Computer Group

What is Phishing on Computers?

Phishing is a high-tech scam. The "phisher" uses spam or pop-up messages to trick you into giving out sensitive information like your passwords, credit card numbers, bank account information, or Social Security number.

Funnily enough, phishing is nothing new. It used to be known simply as identity theft and the scammers usually did it over the telephone. The scammer would call you up and pretend to be someone from the bank asking you to confirm your account information, credit card numbers, PIN numbers, or passwords. Obviously the scammer was limited by the amount of time it took to ring each person, so identity theft never really took off until the advent of email Spam and websites, which meant identity theft has become much more profitable and therefore widespread. Unfortunately, it is now an everyday occurrence.

Here's how phishing works:

The scammer uses Spam to send the phishing messages. You'll receive an email or pop-up message that looks like it's from a business or organization that you deal with – e.g.

·                    Your Internet service provider (ISP), AOL, MSN, BT Yahoo etc.

·                    Your bank e.g. Lloyds, Barclay, etc.

·                    Your online payment service e.g. PayPal

·                    A government agency

The message usually says that you need to “update” or “validate” your account information, and there's usually a threat they will do something bad if you don’t respond within a short period of time, like close your account or charge you a fine.

So, you click on the link in the email and it takes you to a website that looks just like the legitimate organization’s site, but it's a carefully constructed fake. This fake site tricks you into entering your personal information. Using this information, the scammer can then steal your identity and run up bills or commit crimes in your name.

Phishing is becoming big business. The US Federal Trade Commission reported "9.9 million U.S. residents were victims of identify theft during the previous year, costing businesses and financial institutions $48 billion and consumers $5 billion in out-of-pocket expenses."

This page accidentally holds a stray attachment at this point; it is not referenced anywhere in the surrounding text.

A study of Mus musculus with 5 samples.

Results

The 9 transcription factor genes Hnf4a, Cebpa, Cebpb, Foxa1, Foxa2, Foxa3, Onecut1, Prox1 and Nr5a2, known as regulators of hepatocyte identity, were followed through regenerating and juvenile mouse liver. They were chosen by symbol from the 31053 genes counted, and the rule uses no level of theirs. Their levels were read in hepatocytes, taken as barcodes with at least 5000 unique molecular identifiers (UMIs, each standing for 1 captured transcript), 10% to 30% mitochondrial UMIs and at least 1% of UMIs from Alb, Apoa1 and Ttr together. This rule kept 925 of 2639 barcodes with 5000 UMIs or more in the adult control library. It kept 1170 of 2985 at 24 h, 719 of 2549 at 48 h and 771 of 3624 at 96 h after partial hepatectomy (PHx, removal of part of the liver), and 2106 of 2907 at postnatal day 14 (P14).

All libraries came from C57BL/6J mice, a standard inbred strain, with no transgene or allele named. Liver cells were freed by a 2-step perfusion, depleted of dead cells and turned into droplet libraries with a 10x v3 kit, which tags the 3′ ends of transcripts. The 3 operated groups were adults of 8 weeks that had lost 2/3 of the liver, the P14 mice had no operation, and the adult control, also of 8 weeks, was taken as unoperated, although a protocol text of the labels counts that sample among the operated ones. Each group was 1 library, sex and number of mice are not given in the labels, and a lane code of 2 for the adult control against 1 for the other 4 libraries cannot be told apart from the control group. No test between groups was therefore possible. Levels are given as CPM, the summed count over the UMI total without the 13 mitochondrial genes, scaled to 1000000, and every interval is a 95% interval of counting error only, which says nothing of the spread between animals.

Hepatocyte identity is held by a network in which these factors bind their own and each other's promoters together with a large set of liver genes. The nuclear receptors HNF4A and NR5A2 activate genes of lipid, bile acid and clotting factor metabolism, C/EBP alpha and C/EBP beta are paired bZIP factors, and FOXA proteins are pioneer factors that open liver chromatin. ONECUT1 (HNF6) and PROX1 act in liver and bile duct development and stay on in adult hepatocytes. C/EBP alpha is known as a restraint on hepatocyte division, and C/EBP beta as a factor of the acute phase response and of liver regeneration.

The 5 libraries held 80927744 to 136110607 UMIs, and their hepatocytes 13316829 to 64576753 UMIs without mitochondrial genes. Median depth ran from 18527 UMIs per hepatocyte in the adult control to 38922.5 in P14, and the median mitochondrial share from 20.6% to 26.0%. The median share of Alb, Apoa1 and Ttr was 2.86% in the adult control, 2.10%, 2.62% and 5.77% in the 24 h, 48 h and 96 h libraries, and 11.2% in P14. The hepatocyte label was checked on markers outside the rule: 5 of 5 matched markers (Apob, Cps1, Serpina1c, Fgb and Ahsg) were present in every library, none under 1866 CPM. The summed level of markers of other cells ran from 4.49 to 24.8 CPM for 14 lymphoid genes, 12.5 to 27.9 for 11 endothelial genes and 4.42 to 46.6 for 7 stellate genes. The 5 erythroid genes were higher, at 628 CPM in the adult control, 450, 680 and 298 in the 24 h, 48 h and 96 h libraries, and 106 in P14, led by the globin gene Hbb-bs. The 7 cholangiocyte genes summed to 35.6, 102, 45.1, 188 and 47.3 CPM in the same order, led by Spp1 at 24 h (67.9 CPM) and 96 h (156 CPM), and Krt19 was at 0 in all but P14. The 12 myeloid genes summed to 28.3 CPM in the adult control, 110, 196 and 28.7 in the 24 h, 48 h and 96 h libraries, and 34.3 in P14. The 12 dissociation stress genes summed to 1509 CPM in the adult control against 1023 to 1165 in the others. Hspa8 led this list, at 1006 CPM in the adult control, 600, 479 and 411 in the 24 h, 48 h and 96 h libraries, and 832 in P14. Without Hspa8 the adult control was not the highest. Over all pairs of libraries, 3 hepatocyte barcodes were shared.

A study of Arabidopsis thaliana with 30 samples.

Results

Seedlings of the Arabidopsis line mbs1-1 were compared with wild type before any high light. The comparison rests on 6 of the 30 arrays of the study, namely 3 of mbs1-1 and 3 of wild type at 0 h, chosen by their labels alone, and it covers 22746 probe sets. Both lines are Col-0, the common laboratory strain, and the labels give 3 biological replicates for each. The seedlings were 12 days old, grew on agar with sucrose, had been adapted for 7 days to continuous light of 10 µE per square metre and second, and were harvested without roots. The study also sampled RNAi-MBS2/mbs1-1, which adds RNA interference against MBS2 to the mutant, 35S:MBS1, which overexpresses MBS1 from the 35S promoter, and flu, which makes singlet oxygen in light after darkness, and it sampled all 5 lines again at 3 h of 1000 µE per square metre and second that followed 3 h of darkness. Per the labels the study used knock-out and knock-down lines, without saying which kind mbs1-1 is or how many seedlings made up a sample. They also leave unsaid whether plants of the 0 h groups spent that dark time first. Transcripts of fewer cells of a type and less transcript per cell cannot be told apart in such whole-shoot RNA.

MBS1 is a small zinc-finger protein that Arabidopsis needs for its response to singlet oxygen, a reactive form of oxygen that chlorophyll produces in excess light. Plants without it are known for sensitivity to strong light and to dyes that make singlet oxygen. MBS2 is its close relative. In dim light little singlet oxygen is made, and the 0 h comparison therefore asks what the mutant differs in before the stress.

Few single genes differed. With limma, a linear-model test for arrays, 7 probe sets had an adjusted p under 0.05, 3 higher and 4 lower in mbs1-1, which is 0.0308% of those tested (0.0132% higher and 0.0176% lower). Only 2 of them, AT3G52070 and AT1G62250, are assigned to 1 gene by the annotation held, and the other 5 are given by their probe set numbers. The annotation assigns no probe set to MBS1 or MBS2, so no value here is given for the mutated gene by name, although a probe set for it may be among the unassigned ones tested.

Phew, that's a lot of people and a lot of money!

The biggest phishing scam in history occurred when a PayPal phishing message was sent to millions of people irrespective of whether they had a PayPal account or not. The scammers knew that there would be enough people with PayPal accounts to make it worthwhile for them.

So you probably want to know how to avoid phishing scams.

1.               Change your attitude and behaviour towards suspicious emails and pop-up messages. Become more vigilant.

If in doubt, delete it. 

  Check carefully the URLs (links to websites) within the email. They might be links to fake websites.

Even if it is from an institution that you use, like your bank or your ISP, telephone them to confirm that they did indeed send out a message. If the message asks you to enter confidential information about yourself, such as your password or PIN number, it is almost certainly a scam. Institutions like these almost never ask for such information over the Internet.

        Don't give your account details to anyone without contacting them first by telephone and making sure the email is legitimate.

2.               Install security software. Nowadays, you need a firewall and an antivirus as much as you need locks on your doors at home. You wouldn't go out leaving all your doors open, would you?

Some phishing emails contain software that can track your activities on the Internet without you knowing about it, so make sure you're screening your incoming mail with up-to-date antivirus software.


3.               Finally, make sure you keep up-to-date with Microsoft's or Apple patches. The latest research shows that an unpatched Windows computer has a life expectancy of less than 20 minutes before it is compromised. That's less time than it takes to download the patches!

So check out Microsoft's or Apple's Update page to make sure you're up-to-date.